IN the 1950s if you could get a game of football for Bishop Auckland, Crook Town, Shildon and Durham County then you had to be a decent player.

Ray Tate, long since retired from Bakelite, and now living in Heighington, was one such decent player.

Ray has rarely hit the headlines because he never played in an Amateur Cup Final, but there is no doubting his obvious ability.


Since the war only Derek Wheldrake (five goals) Billy Hopper (five goals) and Ken Bowron (four goals) have hit four goals or more on their debuts for the Millfield club.

Ray, however, is definitely the only Crook Town centre-half to have hit four goals on his debut, because centre-half was really his main position.

Ray also created another piece of Amateur or Northern League history, because along with Amateur Cup hero Bobby Davison they are the only two players in the 1950s to have worn the number 5 shirt for Bishop Auckland, Crook Town, Shildon and County Durham, a record to be proud of.

Arnold Alton, who also wore the number 5 shirt at Kingsway and the Millfield in the 60s, recalls Ray playing for Crook at Bishop Auckland.

“Crook were playing in the silk, gold-coloured shirts that they wore in the 1954 Amateur Cup final against Bishop and you could easily pick out Ray because his shirt was almost brown in colour with all the sweat he was releasing.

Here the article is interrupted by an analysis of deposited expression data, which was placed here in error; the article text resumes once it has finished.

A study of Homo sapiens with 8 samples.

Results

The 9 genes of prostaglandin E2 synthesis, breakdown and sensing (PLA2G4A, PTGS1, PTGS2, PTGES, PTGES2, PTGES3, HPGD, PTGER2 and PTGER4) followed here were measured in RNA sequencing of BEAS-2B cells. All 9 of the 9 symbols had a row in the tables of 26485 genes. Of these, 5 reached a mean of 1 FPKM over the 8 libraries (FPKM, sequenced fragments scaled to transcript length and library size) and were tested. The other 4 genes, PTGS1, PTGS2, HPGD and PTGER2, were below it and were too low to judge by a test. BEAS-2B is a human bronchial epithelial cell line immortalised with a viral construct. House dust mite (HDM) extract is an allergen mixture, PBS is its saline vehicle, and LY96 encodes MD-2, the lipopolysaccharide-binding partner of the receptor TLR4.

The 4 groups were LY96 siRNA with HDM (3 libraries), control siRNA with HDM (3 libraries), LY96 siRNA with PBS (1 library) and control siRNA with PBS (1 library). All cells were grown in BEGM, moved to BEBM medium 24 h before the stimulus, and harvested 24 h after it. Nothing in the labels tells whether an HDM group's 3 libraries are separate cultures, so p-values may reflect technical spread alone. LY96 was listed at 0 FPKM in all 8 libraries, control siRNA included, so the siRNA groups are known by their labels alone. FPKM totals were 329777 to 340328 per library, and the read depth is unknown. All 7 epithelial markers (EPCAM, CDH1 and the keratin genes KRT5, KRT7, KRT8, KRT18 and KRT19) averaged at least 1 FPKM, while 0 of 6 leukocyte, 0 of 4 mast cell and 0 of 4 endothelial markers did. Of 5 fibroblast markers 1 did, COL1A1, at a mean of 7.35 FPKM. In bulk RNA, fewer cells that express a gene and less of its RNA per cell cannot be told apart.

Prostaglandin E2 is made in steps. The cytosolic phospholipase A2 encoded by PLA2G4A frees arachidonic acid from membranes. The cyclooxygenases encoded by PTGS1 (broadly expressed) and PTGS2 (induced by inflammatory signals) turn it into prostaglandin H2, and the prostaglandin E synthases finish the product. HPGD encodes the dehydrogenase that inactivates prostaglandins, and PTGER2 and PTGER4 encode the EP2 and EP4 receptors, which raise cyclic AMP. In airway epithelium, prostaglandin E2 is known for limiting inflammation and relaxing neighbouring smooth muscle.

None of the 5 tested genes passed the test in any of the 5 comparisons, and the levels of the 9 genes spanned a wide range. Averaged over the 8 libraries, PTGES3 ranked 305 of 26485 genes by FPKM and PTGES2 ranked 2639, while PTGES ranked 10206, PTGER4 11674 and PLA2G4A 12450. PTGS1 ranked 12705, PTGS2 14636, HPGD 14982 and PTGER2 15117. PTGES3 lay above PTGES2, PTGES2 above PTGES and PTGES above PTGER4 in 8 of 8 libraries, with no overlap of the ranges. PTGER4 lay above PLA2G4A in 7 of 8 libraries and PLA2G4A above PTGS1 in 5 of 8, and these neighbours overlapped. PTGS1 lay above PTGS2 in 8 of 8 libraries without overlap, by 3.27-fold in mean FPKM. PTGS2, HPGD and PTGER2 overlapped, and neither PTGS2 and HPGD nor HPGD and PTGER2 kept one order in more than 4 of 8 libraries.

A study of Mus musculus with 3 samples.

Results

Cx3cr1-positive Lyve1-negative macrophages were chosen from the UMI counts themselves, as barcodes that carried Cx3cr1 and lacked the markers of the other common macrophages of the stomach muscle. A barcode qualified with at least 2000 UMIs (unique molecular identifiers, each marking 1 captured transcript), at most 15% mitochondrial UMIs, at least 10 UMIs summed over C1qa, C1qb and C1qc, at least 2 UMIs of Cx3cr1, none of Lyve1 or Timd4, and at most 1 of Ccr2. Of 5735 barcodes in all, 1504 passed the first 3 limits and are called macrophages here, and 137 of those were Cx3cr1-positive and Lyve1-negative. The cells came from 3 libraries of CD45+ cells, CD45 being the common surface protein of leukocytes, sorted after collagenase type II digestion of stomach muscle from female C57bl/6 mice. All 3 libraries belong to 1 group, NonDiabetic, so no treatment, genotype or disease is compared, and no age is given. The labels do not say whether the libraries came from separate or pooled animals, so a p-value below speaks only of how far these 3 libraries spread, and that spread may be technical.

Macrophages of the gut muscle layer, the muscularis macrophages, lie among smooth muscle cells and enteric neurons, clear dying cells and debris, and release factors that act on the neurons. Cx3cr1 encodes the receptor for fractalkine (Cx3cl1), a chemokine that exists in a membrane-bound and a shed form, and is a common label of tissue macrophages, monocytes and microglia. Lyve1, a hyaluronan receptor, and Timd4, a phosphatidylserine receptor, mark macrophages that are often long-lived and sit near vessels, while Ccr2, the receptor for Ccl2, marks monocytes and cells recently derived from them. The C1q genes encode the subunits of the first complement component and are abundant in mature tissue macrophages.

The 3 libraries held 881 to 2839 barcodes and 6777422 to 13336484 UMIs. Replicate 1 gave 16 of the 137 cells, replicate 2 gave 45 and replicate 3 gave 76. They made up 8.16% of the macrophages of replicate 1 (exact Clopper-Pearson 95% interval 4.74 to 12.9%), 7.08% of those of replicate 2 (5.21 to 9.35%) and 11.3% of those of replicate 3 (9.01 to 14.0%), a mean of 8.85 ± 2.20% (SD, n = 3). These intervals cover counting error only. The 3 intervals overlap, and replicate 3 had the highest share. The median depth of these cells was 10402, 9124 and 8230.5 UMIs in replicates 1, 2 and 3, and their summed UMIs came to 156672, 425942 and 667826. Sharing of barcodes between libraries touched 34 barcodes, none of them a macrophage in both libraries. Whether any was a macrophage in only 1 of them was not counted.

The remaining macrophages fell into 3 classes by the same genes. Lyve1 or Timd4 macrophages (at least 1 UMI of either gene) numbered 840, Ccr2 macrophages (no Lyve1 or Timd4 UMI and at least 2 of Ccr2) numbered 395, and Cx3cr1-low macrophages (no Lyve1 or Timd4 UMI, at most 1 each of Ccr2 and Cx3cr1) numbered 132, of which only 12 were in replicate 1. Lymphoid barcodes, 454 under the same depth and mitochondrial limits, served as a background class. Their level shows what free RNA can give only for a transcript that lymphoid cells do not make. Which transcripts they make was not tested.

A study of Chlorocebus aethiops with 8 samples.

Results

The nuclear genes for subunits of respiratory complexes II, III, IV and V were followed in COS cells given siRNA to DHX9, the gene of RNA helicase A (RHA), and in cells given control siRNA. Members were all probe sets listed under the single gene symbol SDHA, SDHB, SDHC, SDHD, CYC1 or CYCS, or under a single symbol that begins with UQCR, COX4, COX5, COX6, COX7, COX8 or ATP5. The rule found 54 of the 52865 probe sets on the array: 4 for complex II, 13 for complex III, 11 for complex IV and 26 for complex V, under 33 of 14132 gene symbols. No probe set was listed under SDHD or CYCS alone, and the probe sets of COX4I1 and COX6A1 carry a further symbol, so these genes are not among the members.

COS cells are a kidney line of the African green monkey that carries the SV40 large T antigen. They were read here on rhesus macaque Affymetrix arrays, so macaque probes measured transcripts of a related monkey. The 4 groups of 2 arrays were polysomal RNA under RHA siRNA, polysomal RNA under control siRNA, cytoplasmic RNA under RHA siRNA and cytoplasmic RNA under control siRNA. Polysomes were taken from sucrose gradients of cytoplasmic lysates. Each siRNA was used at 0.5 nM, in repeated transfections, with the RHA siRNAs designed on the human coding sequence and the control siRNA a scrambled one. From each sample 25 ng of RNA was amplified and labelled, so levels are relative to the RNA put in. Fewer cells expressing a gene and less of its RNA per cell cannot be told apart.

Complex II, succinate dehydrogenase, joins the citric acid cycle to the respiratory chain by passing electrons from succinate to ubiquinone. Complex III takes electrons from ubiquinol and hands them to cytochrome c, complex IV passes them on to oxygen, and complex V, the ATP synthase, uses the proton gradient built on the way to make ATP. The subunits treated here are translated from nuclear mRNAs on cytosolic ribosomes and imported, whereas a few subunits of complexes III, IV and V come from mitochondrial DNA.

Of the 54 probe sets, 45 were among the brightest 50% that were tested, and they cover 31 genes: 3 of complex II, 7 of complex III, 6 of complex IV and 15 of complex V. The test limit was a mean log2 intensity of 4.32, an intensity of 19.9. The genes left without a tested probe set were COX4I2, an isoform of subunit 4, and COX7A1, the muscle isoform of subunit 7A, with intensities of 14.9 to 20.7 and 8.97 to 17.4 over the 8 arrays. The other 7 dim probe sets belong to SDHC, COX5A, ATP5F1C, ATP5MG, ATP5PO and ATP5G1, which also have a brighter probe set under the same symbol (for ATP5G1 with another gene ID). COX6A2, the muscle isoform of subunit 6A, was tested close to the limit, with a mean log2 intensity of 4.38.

“That was down to the work he was putting into the game,” said Arnold.

Later in the 1954-55 season Ray played right-half for Crook at Brentford in the FA Cup first round with Bobby Davison centre-half.

Ray recalled: “We were two goals down early in the game and then had Armstrong sent off so we didn’t have much of a chance.”

Ray had a much better FA Cup experience with Bishop Auckland in the 1957-58 season when he was centre-half for Bishop against Bury at Kingsway in the first round of the competition.

The Press made Ray the Bishop Auckland man of the match and there were headlines like “Great Tate gives fighting Bishops another chance”.

Ray recalled again: “When we were coming off the pitch after the Bury game, Harry Sharratt, our keeper, came across to say, ‘Well played, Ray.’ To receive a compliment like that from Harry was really something. I thought it was very good of him.”

Another game Ray has never forgotten was a benefit match at Kingsway on Wednesday, September 19, 1956.

The match was played for the families of two Willington footballers, Henry Davis and Raymond Taylor, who died in a car accident after a home game.

A Northern League XI played Middlesbrough who had Brian Clough at centre-forward, Ray was centrehalf for the Northern League.

“Before the game I was chatting to Bert Steward and I bet Bert five shillings that Cloughie wouldn’t score,” said Ray.

“‘You’re on,” said Bert. My five shillings was looking good until the second half. Clough received the ball a good 30-35 yards from goal and our keeper shouted, ‘Let Cloughie have a shot, Ray.’ “That I did, but could only watch in despair as Brian hit this belter of a shot straight into our net. I’ll say this about Brian, he never resorted to any verbals or elbows, he played the game as straight as a die.” Which by all accounts is how Ray used to play.

  • Thanks to Arnold Alton and Michael Manuel for help with this article.